A New Conception of Diversity

by Zak Moore | 11/16/06 6:00am

In our Dartmouth community, which puts a very high premium on pluralism, we should also tolerate and seek to understand a diverse range of opinions on the nature of diversity. A point that too often gets lost in the larger debates about mascots, affirmative action and the like is that there is more than one conception of diversity, and not all of them are positive. In the quest to achieve an optimal learning environment, we sometimes counterproductively limit the meaning of diversity to certain racial groups and skin colors.

The idea that diversity is necessarily, unfailingly and inherently good is a knee-jerk reaction along the lines of saying that socialism is a good idea badly applied. Diversity is not inherently good, just as attending a spectacular school like Dartmouth is not inherently good. They are not ends in themselves but means toward an understanding of the world.

Dartmouth should focus on diversity in terms of life experience. Some of the most interesting discussions I have ever had have been with people of diverse backgrounds. Debating the merits of the jury system with an exchange student from Lithuania in the kitchen of a fish restaurant. Gaining insight into the average Iranian perception of Mahmoud Ahmadinejad from a woman on a New York City subway. Arguing about philosophers and war with an 80-year-old communist woman protesting the war outside a local city hall.

All of these valuable conversations were the result of common intellectual interests that transcend petty differences like skin color and religion. In our academic context, real diversity means accepting, debating and learning from the most talented and intelligent students. More important than race are the common bonds of intellectual curiosity that will bring students together more effectively than quotas.

On the other side of the spectrum is artificial diversity, the worst interpretation of diversity. Artificial diversity attempts to classify students by having them check boxes of race and hypocritically claims that while everyone should tolerate other ethnicities, no one can really understand them. The most progressive step we have taken so far allows someone to "please check all that apply." However, the step that is really needed is the abolition of questions like these altogether.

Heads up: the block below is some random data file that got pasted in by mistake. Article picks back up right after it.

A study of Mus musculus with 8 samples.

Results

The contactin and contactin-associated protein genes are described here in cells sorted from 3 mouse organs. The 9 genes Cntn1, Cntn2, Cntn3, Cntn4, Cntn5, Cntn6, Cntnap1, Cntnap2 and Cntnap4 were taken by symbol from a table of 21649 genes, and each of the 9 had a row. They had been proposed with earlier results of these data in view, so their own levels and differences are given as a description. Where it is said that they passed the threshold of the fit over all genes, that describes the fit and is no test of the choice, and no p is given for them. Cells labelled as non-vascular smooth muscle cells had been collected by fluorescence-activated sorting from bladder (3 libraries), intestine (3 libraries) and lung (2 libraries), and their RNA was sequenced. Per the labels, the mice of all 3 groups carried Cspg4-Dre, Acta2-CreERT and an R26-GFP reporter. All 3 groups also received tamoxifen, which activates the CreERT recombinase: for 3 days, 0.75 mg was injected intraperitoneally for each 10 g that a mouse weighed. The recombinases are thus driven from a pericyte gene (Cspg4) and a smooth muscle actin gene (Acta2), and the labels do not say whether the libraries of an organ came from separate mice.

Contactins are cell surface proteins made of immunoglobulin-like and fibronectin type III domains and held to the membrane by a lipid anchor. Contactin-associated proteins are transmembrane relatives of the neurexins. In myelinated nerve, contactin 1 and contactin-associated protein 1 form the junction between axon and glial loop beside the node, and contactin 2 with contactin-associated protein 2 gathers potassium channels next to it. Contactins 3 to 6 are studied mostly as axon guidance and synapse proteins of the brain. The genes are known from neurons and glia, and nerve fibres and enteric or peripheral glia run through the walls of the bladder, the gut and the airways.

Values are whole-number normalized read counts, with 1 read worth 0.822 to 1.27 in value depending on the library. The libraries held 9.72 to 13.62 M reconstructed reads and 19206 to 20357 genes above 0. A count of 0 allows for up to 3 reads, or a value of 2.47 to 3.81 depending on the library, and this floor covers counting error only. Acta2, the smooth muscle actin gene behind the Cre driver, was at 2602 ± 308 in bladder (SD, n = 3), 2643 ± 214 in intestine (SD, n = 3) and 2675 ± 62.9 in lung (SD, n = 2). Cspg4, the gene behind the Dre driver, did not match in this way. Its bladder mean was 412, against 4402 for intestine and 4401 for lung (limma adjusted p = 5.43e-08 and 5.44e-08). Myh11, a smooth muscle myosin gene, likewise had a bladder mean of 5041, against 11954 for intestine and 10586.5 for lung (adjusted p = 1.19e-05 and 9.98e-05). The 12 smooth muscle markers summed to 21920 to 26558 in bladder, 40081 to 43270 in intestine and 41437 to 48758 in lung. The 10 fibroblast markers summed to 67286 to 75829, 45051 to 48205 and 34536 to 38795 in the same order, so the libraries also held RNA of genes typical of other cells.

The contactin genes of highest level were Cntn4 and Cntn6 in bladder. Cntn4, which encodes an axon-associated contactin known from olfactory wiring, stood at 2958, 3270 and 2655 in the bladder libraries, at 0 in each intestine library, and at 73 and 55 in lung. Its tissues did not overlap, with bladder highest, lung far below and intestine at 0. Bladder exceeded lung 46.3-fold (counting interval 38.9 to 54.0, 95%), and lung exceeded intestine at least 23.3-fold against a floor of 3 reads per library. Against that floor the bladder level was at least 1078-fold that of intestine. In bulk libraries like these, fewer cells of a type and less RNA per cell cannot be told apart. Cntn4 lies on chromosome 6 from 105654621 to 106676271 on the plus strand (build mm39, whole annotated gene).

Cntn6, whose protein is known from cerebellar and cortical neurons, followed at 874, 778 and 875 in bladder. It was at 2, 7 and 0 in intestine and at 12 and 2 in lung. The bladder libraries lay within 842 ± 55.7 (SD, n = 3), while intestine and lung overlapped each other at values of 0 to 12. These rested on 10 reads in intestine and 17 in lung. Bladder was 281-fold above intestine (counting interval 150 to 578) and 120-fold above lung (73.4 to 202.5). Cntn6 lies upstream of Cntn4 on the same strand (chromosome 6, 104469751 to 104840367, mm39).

When college admissions offices attempt to secure diversity through percentages of racial groups, they create a climate of hostility. This leads to assumptions on both sides of academic inferiority and unfair privilege. Everyone feels cheated; nobody wins.

How long ago was it that Martin Luther King, Jr. spoke of his dream that people "not be judged by the color of their skin but by the content of their character?" Skin color, rather than character and mind, seems to be the primary concern. Stephen Colbert satirizes our society well in his jokes about his "black friend Allen" and his "Jewish friend Jon." When Colbert says that he "doesn't see color," everybody laughs. This joke is very revealing: Our society is still very fixated on race.

The most important levels of diversity are intangible, and are the levels hardly ever discussed. Diversity of experience and the resultant outlook on life -- opinion -- are most important. People are so defensive, having been classified into boxes, that there is very little tolerance of those who step out of theirs. It is great to have pride in ethnicity and religion, but when this leads to the immediate denunciation of others' opinions or beliefs as racist or sexist or wrong, then it has ceased to be respect for personal heritage and has turned into a personal, social and academic disability.

This disability manifests itself in political and social debates of every kind. It was very prominent in the immigration discussions of last spring. Professors and students alike decried anyone who opposed illegal immigration as racist, anyone who supported stricter border control as more racist and anyone who wanted to promote American heritage as unbelievably racist.

The bottom line is that we must take a more nuanced approach than simply assuming that "diversity" equals percentage of racial minorities. What we should strive for instead is diversity of life experience. For some people, race, religion, sexual orientation, political beliefs and other factors may define their experiences. We should let people define themselves in terms of personal experience rather than by a multiple choice of six races. We should value diversity based on the understanding we can gain from diverse backgrounds, not on superficial appearance.